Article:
Bolling: Individualism v Collectivism
I was preparing a lesson on America’s unique political culture based on a writing from Dr. Thomas Patterson, who is the Bradlee Professor of Government at the Kennedy School for Government and Public Policy at Harvard University.
In this writing, Dr. Patterson suggests that there are four core beliefs that have historically underpinned American democracy. They are:
Today, I want to focus on the question of Individualism and ask a simple question – do Americans still believe in Individualism?
Individualism is a commitment to personal initiative and self-sufficiency. The French political scientist Alexis de Tocqueville once observed that, “Liberty in America is tied to a desire for independence. Americans’ chief aim is to remain their own masters.”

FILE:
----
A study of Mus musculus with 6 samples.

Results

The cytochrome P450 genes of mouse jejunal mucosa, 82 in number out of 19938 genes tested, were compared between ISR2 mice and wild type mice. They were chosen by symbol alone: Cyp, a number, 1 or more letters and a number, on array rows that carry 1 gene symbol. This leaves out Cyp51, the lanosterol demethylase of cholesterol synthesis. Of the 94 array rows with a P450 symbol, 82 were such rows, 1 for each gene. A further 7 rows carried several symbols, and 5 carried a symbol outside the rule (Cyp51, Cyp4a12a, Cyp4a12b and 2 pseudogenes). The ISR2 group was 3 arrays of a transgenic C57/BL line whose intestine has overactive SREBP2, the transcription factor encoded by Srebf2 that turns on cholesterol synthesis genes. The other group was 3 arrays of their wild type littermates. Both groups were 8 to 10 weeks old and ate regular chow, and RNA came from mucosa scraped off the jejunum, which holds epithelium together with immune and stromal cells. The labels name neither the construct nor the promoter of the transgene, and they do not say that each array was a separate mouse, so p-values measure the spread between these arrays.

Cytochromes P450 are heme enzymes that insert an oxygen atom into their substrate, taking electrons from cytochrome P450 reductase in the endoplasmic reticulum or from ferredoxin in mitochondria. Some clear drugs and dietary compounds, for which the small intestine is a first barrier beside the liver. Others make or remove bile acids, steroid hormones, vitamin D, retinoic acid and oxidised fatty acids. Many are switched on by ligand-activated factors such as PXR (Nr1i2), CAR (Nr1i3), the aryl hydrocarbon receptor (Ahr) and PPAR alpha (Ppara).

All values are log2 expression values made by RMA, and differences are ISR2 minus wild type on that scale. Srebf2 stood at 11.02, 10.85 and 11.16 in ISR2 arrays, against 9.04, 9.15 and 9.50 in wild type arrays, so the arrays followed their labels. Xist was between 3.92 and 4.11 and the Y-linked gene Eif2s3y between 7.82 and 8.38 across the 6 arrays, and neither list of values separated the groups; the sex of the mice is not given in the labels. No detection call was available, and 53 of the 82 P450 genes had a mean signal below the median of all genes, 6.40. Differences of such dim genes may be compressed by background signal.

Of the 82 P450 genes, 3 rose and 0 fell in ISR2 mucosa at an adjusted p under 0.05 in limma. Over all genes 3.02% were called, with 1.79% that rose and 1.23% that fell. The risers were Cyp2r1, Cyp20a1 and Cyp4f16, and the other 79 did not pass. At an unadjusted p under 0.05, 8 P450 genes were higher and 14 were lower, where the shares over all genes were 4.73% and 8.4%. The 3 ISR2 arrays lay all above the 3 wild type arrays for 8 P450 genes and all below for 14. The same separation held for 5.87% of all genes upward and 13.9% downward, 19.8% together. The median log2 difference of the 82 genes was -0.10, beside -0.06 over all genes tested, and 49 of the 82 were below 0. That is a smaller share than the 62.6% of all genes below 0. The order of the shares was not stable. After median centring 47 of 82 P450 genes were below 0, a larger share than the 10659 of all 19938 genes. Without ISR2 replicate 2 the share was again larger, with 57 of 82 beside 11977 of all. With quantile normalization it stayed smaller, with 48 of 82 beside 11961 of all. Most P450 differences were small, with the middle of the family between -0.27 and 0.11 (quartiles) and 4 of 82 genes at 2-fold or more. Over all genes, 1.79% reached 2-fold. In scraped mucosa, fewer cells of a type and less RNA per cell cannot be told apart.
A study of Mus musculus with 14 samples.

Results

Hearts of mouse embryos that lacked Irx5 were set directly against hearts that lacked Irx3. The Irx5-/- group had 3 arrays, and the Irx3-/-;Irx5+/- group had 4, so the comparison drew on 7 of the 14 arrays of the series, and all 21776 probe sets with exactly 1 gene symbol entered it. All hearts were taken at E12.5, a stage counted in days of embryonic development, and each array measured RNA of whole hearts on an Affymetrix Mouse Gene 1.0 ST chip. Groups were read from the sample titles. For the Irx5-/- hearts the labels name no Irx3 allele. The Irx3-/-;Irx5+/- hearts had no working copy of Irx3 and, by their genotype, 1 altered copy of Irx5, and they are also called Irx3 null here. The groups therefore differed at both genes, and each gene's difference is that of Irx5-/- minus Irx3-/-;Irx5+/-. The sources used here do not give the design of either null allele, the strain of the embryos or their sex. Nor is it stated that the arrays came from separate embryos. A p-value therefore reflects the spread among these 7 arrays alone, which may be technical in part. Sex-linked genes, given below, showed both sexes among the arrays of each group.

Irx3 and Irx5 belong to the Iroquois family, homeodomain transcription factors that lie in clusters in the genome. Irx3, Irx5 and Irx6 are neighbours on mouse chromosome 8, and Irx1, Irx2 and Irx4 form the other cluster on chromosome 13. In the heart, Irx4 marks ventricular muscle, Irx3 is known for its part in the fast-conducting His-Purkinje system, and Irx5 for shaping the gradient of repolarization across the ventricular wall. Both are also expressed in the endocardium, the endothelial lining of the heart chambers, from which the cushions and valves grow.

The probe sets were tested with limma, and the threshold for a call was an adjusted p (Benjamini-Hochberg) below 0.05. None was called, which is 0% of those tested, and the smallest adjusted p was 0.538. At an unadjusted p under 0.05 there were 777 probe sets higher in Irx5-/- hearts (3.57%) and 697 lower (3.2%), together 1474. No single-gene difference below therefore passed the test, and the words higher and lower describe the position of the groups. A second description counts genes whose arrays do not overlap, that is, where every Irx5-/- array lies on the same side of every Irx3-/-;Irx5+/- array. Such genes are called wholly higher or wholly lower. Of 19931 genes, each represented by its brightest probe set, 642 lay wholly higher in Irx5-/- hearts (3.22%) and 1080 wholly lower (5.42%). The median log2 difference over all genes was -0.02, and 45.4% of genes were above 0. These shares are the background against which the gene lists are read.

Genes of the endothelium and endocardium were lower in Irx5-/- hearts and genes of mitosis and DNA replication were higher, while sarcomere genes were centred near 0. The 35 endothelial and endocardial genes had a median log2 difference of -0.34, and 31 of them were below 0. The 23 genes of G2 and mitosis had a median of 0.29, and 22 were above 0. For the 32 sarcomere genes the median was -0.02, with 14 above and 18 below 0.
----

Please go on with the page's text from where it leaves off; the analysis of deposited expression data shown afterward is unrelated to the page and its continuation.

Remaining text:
The opposite of Individualism is Collectivism. In a collective philosophy, the group or society is seen as having precedence over the individual.
Socialism is a collective philosophy. Socialism places the importance of the individual secondary to the well-being of society as a whole.
So again, I ask, do Americans still believe in Individualism?
It seems to me that many from the Millennial, Gen X, and Gen Z generations have migrated rapidly to Collectivism. This results in a dependence on bigger and more intrusive government – a “nanny state” if you will – which they see as a positive, rather than a negative.
If de Tocqueville was right, a migration from Individualism to Collectivism could be the first step in a migration from Capitalism to Socialism and from liberty to oppression.